Last Updated 17 Apr 2020

Romeo and Juliet, Last Scene

Category Romeo and Juliet
Words 858 (4 pages)
Views 245

Romeo and Juliet is one of William Shakespeare’s most well known plays and loved by many. It is a tragedy, where two feuding family’s conflict is reconciled with the loss of their children, Romeo Montague and Juliet Capulet, the “two star crossed lovers” that take their lives. In this essay I will analyze the given passage in Act 5 Scene 3 (143) relating my discussion to the play as a whole. In the given passage, Juliet awakens from her drug induced ‘death” and finds Romeo dead along with Paris.

Juliet cannot leave the tomb or even live without Romeo and decides to take her own life with his dagger. This does not come as a surprise to the viewer as they were told at the beginning of the play that “A pair of star-crossed lovers take their life; Whose misadventured piteous overthrows Doth with their death bury their parents' strife. ” (1:1 3) Shakespeare not only tells the viewer right from the beginning that the lovers will die but he also demonstrates that fate is against them. In Act 5 Scene 5 Juliet foresees Romeo’s death in a vision, adding to the drama.

She says “…Methinks I see thee, now thou art below, As one dead in the bottom of a tomb: Either my eyesight fails, or thou looe'st pale. ” (3:5 109) Romeo replies that she too looks pale; furthermore saying that “Dry sorrow drinks [their] blood” (3:5 109). He even dreams of his own fate, “I dreamt my lady came and found me dead” (5:1 132. ) This dream of Romeo’s seals his fate and forewarns him of his death which is depicted in the given passage Act 5 Scene 3 (143). Lady Capulet also unknowingly condemns Juliet to her death.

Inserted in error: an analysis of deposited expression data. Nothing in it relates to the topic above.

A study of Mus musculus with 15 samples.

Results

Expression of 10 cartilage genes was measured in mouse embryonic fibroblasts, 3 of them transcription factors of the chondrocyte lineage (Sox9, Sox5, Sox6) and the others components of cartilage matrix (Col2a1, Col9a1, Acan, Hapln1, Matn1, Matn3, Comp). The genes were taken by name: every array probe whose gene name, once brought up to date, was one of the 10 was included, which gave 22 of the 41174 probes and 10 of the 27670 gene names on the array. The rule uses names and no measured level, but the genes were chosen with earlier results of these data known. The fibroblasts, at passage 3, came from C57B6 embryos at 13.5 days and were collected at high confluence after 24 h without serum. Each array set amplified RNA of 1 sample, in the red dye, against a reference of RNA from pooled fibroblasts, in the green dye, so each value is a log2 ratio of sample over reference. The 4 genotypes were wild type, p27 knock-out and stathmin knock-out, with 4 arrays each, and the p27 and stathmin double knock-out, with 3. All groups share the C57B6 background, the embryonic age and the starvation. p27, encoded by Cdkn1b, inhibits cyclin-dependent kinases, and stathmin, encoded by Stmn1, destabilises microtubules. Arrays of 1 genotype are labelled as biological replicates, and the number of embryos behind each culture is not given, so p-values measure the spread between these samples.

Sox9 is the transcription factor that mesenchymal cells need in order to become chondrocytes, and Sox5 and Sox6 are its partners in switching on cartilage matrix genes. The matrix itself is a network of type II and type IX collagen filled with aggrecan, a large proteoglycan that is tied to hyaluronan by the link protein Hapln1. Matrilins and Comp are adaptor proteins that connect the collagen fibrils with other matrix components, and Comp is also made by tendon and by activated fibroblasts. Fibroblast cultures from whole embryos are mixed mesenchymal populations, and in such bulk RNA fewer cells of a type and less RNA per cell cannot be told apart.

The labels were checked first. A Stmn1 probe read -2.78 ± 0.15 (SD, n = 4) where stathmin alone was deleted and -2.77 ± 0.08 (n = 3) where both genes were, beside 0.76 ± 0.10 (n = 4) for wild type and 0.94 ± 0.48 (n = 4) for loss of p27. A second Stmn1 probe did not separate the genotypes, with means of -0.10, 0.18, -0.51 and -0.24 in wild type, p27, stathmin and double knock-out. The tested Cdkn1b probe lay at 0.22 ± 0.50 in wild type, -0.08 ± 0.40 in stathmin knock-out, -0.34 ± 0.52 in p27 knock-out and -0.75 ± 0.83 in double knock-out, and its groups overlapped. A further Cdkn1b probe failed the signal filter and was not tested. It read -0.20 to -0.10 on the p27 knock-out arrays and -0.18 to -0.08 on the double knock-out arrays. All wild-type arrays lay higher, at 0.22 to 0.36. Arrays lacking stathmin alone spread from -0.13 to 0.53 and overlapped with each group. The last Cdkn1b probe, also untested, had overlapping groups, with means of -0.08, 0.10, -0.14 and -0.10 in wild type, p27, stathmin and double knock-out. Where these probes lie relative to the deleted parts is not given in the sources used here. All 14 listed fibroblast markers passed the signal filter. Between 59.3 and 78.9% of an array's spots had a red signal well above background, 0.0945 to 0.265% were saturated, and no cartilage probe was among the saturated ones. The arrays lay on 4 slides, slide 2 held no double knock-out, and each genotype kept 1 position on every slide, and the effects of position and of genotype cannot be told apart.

He marries Romeo and Juliet hoping that their marriage would end the feud between the families. He says, "In one respect I'll thy assistant be-; For this alliance may so happy prove To turn your household's rancour to pure love. " (2:4 63) This shows the viewer that he is good intentioned yet naive and can not foresee the consequences of this clandestine marriage. In the given extract the Friar only recognizes the consequences of his plans and unexpected outcome when he finds Romeo and Paris dead.

When Juliet awakens he offers to take her to the nunnery and then flees as he hears noises abandoning Juliet as he does not want to be associated with their death. Many Christians believe that the Friar tries to play God and even believe that Juliet’s death is made to resemble Jesus’ death and resurrection. Jesus died for the sins of humankind and Juliet dies for the sins of the two feuding families. Furthermore, gradesaver. com mentions another biblical reference, when Benvolio attempts to halt the fight in the first scene, he remarks, "…put up your swords; you know not what you do" (1. . 8). This same phrase is used by Jesus when he stops his apostles from fighting the Roman guards during his arrest. Shakespeare also contradicts these religious elements with erotic elements. To commit suicide, Romeo drinks the poison from a chalice which by its rounded shape symbolizes a woman’s torso. In turn Juliet kills herself with Romeo’s “happy dagger”, a phallic symbol. In conclusion, Romeo and Juliet die as a result of the poisonous feud between their families. With their death Shakespeare resolves the major conflict of the play as the families choose to reconcile.

Fate and time is against the lovers. Romeo never receives the letter sent to him by Friar Lawrence informing him of the plans, Juliet awakes just after Romeo commits suicide and the families reconcile only after their death. Even though the audience knows right from the beginning that the lovers will die and are constantly reminded throughout the play, they can’t help but feel heartbroken. There is however a glimmer of hope, as the night has always brought Romeo and Juliet together and on this tragic night the lovers will reunite in death, defying the stars.